Or anybody else ahead of them in the Western Conference.
"It's hard, everybody's winning, it's unbelievable," Wild centre Pavol Demitra said Friday. "We've won so many games and we're still in the same place. We're not moving anywhere.
"I don't know who's losing in this league."
The Wild have gone 19-4-3 since the NHL's all-star break, including a current eight-game win streak in March.
"Are we as good as we're playing right now? I don't know," said Wild GM Doug Risebrough. "But I'm glad we're playing this way."
And yet they still sit sixth in the Western Conference, one point behind Vancouver for first place in the Northwest Division (which would carry the No. 3 seed in the conference).
But the second half has proven a lot to Risebrough. His team, headed back to the playoffs after missing out the last two seasons, more than survived a stretch from Feb. 1-March 17 that saw them play 14 of 21 games on the road. They went 15-3-2, many of those games against conference opponents also headed to the playoffs.
"We played a lot of games under the gun, we played a lot of games where we had to win," said Risebrough. "These were games we had to win, and we won them, and I think that's a good sign."
Playing the bulk of games in goal in the second half has been Niklas Backstrom, whose .925 save percentage and 2.12 goals-against average go hand in hand with a 20-8-5 record.
This was supposed to be Manny Fernandez's first full season as the No. 1 goalie after years of splitting duties with Dwayne Roloson but unless something dramatic happens, Backstrom is the guy come playoff time.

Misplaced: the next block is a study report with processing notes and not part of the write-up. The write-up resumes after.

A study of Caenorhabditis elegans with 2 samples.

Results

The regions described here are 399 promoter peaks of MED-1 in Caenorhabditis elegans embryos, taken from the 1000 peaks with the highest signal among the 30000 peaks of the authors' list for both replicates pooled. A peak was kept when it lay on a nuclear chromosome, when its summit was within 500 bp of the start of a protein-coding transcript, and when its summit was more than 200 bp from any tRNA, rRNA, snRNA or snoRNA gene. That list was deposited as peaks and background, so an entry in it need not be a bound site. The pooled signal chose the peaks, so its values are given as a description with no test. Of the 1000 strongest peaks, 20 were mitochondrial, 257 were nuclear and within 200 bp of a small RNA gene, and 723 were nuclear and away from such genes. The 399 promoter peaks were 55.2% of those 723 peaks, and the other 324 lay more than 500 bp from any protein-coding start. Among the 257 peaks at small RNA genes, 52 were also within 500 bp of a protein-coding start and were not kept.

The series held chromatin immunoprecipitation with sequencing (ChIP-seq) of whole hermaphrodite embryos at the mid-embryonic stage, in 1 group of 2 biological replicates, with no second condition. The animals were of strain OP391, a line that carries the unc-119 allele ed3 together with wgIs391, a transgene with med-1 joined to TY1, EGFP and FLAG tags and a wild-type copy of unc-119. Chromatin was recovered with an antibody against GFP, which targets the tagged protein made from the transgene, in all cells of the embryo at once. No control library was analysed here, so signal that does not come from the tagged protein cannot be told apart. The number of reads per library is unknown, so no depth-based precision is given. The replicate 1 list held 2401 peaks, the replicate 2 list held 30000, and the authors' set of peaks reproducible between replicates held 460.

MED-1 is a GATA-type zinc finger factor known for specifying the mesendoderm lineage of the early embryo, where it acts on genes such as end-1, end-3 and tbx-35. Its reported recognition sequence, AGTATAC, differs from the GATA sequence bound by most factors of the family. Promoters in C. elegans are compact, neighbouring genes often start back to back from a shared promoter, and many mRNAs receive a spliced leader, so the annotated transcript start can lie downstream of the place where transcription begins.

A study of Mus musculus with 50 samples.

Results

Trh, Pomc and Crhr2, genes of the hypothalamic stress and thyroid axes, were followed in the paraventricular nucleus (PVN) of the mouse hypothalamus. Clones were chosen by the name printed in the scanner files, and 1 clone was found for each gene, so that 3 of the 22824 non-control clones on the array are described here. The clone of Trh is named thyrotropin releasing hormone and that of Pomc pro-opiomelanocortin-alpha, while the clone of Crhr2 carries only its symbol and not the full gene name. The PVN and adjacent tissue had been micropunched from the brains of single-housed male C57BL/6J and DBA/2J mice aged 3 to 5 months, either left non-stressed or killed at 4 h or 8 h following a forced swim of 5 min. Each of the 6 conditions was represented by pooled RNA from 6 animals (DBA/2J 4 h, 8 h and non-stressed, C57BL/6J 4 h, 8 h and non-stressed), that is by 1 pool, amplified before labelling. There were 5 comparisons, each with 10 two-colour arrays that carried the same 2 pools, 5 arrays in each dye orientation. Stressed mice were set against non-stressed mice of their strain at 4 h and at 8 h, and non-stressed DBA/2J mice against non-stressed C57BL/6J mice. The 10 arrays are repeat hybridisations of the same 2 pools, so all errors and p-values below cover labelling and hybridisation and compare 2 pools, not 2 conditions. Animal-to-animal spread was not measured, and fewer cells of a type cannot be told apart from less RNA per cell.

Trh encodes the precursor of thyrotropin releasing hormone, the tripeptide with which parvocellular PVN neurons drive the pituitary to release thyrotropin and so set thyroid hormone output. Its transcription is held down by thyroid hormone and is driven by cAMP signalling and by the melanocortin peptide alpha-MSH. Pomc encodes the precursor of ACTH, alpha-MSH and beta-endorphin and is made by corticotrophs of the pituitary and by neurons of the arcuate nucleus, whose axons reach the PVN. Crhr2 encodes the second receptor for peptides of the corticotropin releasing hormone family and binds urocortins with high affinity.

"He got a chance and he made the best of it," said Risebrough. "That came with winning games when Manny wasn't on at the start of the year, relieving Manny sometimes, then he got the chance to be the No. 1."
The question is: Where were the NHL scouts? The 29-year-old Helsinki native went undrafted. The Wild signed him to a US$750,000, one-year free-agent contract last summer after he spent the last decade in his native Finnish league.
"One of the things about being a GM is that you got to acknowledge luck," Risebrough said with a laugh. "I believe in our people, they found Backstrom.
"We brought him in only to compete for a backup position with Josh Harding. I can't say that we saw a lot more than anybody else."
The challenge has been to make sure Fernandez, currently out with a knee injury, accept what's going on.
"He wanted to be the guy this year - unfortunately he's been injured," said Risebrough.
Up front, Slovak linemates Demitra and Marian Gaborik have been as good as advertised. Risebrough surprised many when he traded for the 32-year-old Demitra last summer, the kind of blockbuster move not usually associated with the Wild.
But it was a calculated decision. He was hoping to help sheppard the 25-year-old Gaborik.
"Pavol has pushed Marian in a very comfortable way," said Risebrough. "They respect each other. They're good friends, they're very happy for each other. And yet Pavol is not afraid to throw a jab at Marian in front of everybody, in a friendly way.
"And we probably didn't have anybody else who could do that."
Demitra said the instant chemistry with Gaborik comes from having played together before on the national team as well as during the lockout with Trencin in Slovakia.
"He's a special player," said Demitra. "I think he's got a chance to score 60 goals one year if he's healthy."
Gaborik has 28 goals in only 41 games after missing most of the first half with a groin problem. Demitra has helped him on and off the ice.
"We're close friends," said Demitra. "We talk a lot. I think he's changed a lot. Before he was just a shooter, he wasn't really looking for anybody. But he's changed this year, he can make passes, plays good defence.
"That's a big turnaround for him. He's trying to be a complete player now."